Natural Disasters

a project for Participle Adjectives

In this project, students will learn about, compare, and generally discuss natural disasters and the effects they have on our world. In doing so, students will use PASSIVE AND ACTIVE ADJECTIVES. The way this project is written presumes students are already familiar with various natural disasters. If you’d like them to delve deeper, or if they don’t know much yet, you can adapt this project into a webquest.

Assign students or pairs of students a natural disaster. You can choose any or all of these:

  • avalanches
  • blizzards
  • drought
  • earthquakes
  • floods
  • hurricanes/typhoons
  • landslides
  • meteor strikes
  • ice storms & hail
  • sandstorms
  • severe thunderstorms
  • sinkholes
  • tornadoes
  • tsunamis
  • volcano eruptions
  • wildfires
Feel free to combine similar disasters (such as avalanches and landslides). All the students will be learning about all of the disasters; the students assigned to a particular disaster will simply be in charge of making and keeping notes for that disaster.

The class should brainstorm every noun they can think of that might be involved in these disasters. Write down the ideas on the board in the front of the room (all with the same color marker/chalk). Here are some nouns to get them started: clouds, hot air, beaches, trees, houses, families.

Next, brainstorm all the verbs involved. Write these down with a different color. Here are some ideas: fall, drench, destroy, blow, rage, shake, frighten. For both the nouns and the verbs, include words that fit at least one disaster, but know that most of the words will not apply to every disaster.

Students should then match verbs to nouns. If the noun is the cause of the verb, turn the verb into an active adjective (such as raging wind or falling ash). If the noun is affected by the verb, turn the verb into a passive adjective (such as frightened families or rescued children). There are countless possible combinations, and the students certainly don’t need to do multiple combinations that have the same or similar meanings.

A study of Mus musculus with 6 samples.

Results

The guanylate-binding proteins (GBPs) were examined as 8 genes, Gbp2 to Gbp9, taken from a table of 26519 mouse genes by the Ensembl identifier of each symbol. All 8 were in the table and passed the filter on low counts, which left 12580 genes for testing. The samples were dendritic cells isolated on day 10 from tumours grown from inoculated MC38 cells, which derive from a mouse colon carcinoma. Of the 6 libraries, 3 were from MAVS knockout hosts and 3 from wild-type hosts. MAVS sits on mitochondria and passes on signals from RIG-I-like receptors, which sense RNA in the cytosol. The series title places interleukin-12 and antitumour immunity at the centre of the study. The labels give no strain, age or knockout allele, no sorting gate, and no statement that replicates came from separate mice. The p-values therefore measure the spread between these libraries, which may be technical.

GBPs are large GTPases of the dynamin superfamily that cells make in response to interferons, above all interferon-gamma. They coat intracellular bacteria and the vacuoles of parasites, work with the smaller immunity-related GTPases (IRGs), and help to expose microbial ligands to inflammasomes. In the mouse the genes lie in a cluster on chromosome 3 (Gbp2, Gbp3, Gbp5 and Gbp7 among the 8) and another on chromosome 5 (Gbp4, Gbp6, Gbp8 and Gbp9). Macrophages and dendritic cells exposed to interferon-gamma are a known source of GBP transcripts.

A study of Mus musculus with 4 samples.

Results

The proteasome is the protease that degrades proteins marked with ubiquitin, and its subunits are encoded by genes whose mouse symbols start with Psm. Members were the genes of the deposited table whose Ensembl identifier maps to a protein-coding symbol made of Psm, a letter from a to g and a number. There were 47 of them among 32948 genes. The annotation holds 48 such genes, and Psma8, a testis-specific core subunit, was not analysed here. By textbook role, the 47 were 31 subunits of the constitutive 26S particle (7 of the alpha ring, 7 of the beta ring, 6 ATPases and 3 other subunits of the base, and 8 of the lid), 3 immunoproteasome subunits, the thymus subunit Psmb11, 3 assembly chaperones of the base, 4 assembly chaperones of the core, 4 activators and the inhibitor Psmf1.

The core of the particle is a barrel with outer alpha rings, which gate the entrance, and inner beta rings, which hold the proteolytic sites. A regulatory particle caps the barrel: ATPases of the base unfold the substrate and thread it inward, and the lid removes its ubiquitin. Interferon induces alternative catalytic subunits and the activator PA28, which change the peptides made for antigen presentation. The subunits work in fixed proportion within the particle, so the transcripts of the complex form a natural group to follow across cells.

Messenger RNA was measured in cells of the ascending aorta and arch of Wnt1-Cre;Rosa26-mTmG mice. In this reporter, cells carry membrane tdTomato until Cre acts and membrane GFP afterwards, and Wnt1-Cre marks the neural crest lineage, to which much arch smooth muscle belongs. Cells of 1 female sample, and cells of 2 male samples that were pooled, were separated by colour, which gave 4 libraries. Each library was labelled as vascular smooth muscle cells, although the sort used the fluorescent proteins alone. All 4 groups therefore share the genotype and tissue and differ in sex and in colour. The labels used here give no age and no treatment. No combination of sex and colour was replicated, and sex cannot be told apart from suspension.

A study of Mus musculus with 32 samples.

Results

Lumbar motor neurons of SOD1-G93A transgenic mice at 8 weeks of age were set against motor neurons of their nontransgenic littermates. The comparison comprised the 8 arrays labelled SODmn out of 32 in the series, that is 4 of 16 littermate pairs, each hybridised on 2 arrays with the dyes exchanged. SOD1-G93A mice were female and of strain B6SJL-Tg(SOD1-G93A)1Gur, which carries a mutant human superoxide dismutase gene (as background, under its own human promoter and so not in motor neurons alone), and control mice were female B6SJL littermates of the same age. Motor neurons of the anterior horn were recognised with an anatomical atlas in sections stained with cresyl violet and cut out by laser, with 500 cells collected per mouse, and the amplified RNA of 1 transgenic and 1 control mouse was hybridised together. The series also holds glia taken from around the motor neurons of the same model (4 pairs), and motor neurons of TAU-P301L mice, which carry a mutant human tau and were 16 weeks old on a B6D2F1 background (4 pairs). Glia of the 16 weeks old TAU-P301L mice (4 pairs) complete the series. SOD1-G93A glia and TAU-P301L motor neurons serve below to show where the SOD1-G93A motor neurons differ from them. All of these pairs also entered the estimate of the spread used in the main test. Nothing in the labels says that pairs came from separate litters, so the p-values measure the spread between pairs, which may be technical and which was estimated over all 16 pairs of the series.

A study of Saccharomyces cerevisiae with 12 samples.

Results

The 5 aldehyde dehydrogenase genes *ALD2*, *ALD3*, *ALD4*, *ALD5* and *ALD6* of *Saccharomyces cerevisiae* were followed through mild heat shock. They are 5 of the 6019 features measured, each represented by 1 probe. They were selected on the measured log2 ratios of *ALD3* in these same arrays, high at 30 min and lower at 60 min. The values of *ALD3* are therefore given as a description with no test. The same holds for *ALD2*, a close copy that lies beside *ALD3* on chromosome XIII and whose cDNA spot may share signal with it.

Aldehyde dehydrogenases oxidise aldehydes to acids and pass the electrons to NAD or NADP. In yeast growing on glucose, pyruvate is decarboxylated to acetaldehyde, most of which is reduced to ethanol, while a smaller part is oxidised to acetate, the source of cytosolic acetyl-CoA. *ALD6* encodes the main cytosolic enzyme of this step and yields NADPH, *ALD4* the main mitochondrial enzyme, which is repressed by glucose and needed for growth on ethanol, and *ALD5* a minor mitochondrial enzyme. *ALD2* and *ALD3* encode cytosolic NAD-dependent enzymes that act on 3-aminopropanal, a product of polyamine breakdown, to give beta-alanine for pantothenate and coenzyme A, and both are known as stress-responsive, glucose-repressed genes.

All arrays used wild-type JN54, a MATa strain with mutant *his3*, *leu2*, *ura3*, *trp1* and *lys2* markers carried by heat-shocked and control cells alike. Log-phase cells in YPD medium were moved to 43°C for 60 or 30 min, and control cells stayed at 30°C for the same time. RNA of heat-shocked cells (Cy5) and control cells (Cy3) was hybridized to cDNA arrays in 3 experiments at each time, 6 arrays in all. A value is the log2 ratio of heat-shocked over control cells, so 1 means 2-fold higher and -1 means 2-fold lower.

With each combination of verb-turned-adjective and noun, individuals or pairs should write it down on their own papers if it matches the disaster assigned to them. For example, the students who have earthquakes and the ones how have tsunamis should write down trembling ground (or something similar).

That approach started with things generally involved with disasters and then filtering them to specific disasters, but after students have done so, let them consider the disasters they were assigned to to come up with more adjective-noun combos. If they think of any, they should share them with the class in case another individual or pair can apply it or something similar to their own disaster.

Once all this is done, revisit some of the similarities between disasters. e.g.: What are the different disasters that happen in coastal areas, and what do they have in common? What do the cold-related disasters have in common? etc.

You can expand this into a larger project. For younger students, maybe they could make little posters with drawings and a few facts about each of their assigned disasters.

With older students, this may be a good time to discuss serious issues, like how we can support displaced families or repair efforts post-disaster.

For more on Passive & Active Adjectives, check out our Passive Series or our Verbals Series. Adding -ed or -ing to the end of a verb can turn it into an adjective (when placed before a verb or after to be). Active adjectives express that their nouns cause an action or state, while passive adjectives express how the noun was effected by that action. Watch the video to see the details. You can even go beyond the video with printouts, slideshows, and grammar guides, all designed to help teachers better reach their students!